Oxfam recently published a briefing paper titled: No Excuse: How Australia’s big four banks should better respond to land grabs. In technical detail, we describe exactly what the banks should do to construct a Zero Tolerance for Land Grabs approach.
The report discusses the role that transparency and accountability play in the realization (or failure) of bank policies on human rights. It also identifies specific ways that banks should increase their transparency, commitments and accountability relevant to land-related human rights.
And the stakes are high. In 2014 Oxfam’s Banking on Shaky Ground report revealed that Australia’s big four commercial banks – the Australia and New Zealand Banking Group (ANZ), the Commonwealth Bank (CBA), National Australia Bank (NAB) and Westpac – were backing companies connected to land grabs in the agriculture and timber sector overseas. As a result of losing their land, affected communities in countries like Cambodia and Brazil profiled in Banking on Shaky Ground still face food shortages and poor housing, as well as violence and corruption. For those with a deep spiritual connection to land, the loss is unquantifiable.
Banking on Shaky Ground also outlined that land grabs are not just bad for human rights, but also bad for business – exposing the banks to a range of material and reputational risks. NAB and Westpac have since taken some positive first steps, while CBA and ANZ have failed to act. Yet no bank has gone far enough.
The question ‘why do human rights policies fail?’ was foremost in our minds as we started writing the No Excuse report. This led us to explore what we call the Responsibility Triangle – the inter-connected relationship between appropriate transparency, strong policy commitments and accountability. Without addressing all three areas, banks will fail on human rights.
The Responsibility Triangle crystalized our thinking on some basic principles when viewing the banks’ human rights policies from the perspective of grassroots communities.
For example, local people should be able to find out who is funding or seeking to profit from activities on their land and forests. Bank customers and investors should also know how the bank is using their money. Yet undue secrecy prevents communities from knowing if an Australian bank is involved.
In the rare case that local people can find a connection, bank policies do not include any concrete commitment to support redress. Making commitments without consequences for breaking them is a recipe for failure.
Land grabs are also most likely to occur in countries with poor rule of law – leaving communities with few, if any, options to pursue justice in the courts.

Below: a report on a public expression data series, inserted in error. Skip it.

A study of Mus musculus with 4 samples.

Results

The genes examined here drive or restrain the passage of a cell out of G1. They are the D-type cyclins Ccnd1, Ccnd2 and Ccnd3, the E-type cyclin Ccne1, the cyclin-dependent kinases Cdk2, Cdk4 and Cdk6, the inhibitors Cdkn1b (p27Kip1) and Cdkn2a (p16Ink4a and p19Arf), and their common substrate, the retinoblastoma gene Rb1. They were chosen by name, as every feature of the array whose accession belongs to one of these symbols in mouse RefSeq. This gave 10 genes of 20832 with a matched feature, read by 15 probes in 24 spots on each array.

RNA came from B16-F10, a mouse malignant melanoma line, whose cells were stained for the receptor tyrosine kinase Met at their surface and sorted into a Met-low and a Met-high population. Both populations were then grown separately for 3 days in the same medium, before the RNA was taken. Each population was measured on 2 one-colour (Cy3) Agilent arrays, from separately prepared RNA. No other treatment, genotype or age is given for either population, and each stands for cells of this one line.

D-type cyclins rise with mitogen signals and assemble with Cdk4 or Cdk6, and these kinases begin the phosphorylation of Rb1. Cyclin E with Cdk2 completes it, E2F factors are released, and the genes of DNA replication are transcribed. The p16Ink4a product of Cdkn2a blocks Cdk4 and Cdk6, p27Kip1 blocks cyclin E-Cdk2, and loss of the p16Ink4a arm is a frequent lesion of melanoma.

Banking on Shaky Ground showed that specific land-related commitments are needed, not general statements supporting human rights. This should include requiring the free, prior and informed consent (FPIC) of local and indigenous communities. For the banks FPIC is also a useful due diligence and risk mitigation tool.
Our next step was to show what the banks can do. In doing so, we reveal the shortcomings of bank arguments against increasing their transparency, commitments and accountability on land-related human rights.
Banks often dismiss the issue of transparency by appealing to a general principle of privacy. While Oxfam understands the importance of privacy in banking, we believe it is critical for banks to adopt greater transparency in dealings that are exposed to land-related risks due to the dire consequences of land grabs and human rights violations. Privacy needs also differ across the diverse aspects of the banks’ business. For example, an asset management fund listing the companies that it invests in has no privacy risk. We also point to a range of existing examples of legally compliant, although ad hoc measures on disclosure – from one bank’s listing the companies its management funds invests in, to another’s naming the projects it finances. Greater transparency can be achieved by simply taking these ad hoc and piecemeal measures and systematising disclosure.
In November 2014 NAB put to bed the notion that banks should not, or could not, make land-specific commitments, by releasing a policy on improper land acquisitions. A week later Westpac committed to only lending to agribusiness and forestry companies that have the FPIC of local and indigenous communities. In May 2015 Westpac extended this FPIC standard to all lending. We have called for NAB, CBA and ANZ to match Westpac’s commitment, or better, to apply FPIC group-wide. We also point out that FPIC commitments can only be fully realised with increased transparency and accountability.
The big Australian banks have committed to increased accountability under the United Nations Guiding Principles on Business and Human Rights (Ruggie Principles). The NGO BankTrack has articulated how the Ruggie Principles apply to banks: such as having their own grievance mechanisms. Our paper calls for the banks to implement these existing commitments, as well as take further steps. We challenge the claim that it is only the banks’ clients, not the banks themselves, that bear responsibility for redress. Banks have a direct and proportional role in legitimizing, enabling and seeking to profit from companies linked to land grabs. If a bank fails to do adequate due diligence to ensure that their clients or companies in which they invest are acting legally and ethically, the bank should be accountable for this.
Lastly, the report list the measures that could comprise a Zero Tolerance on Land Grabs approach – showing that there is no excuse for the banks to fail to act on land grabs.
Shona Hawkes is the Sustainable Food Advocacy Coordinator at Oxfam Australia. Click here to read Oxfam’s full report No Excuse: How Australia’s big four banks should better respond to land grabs.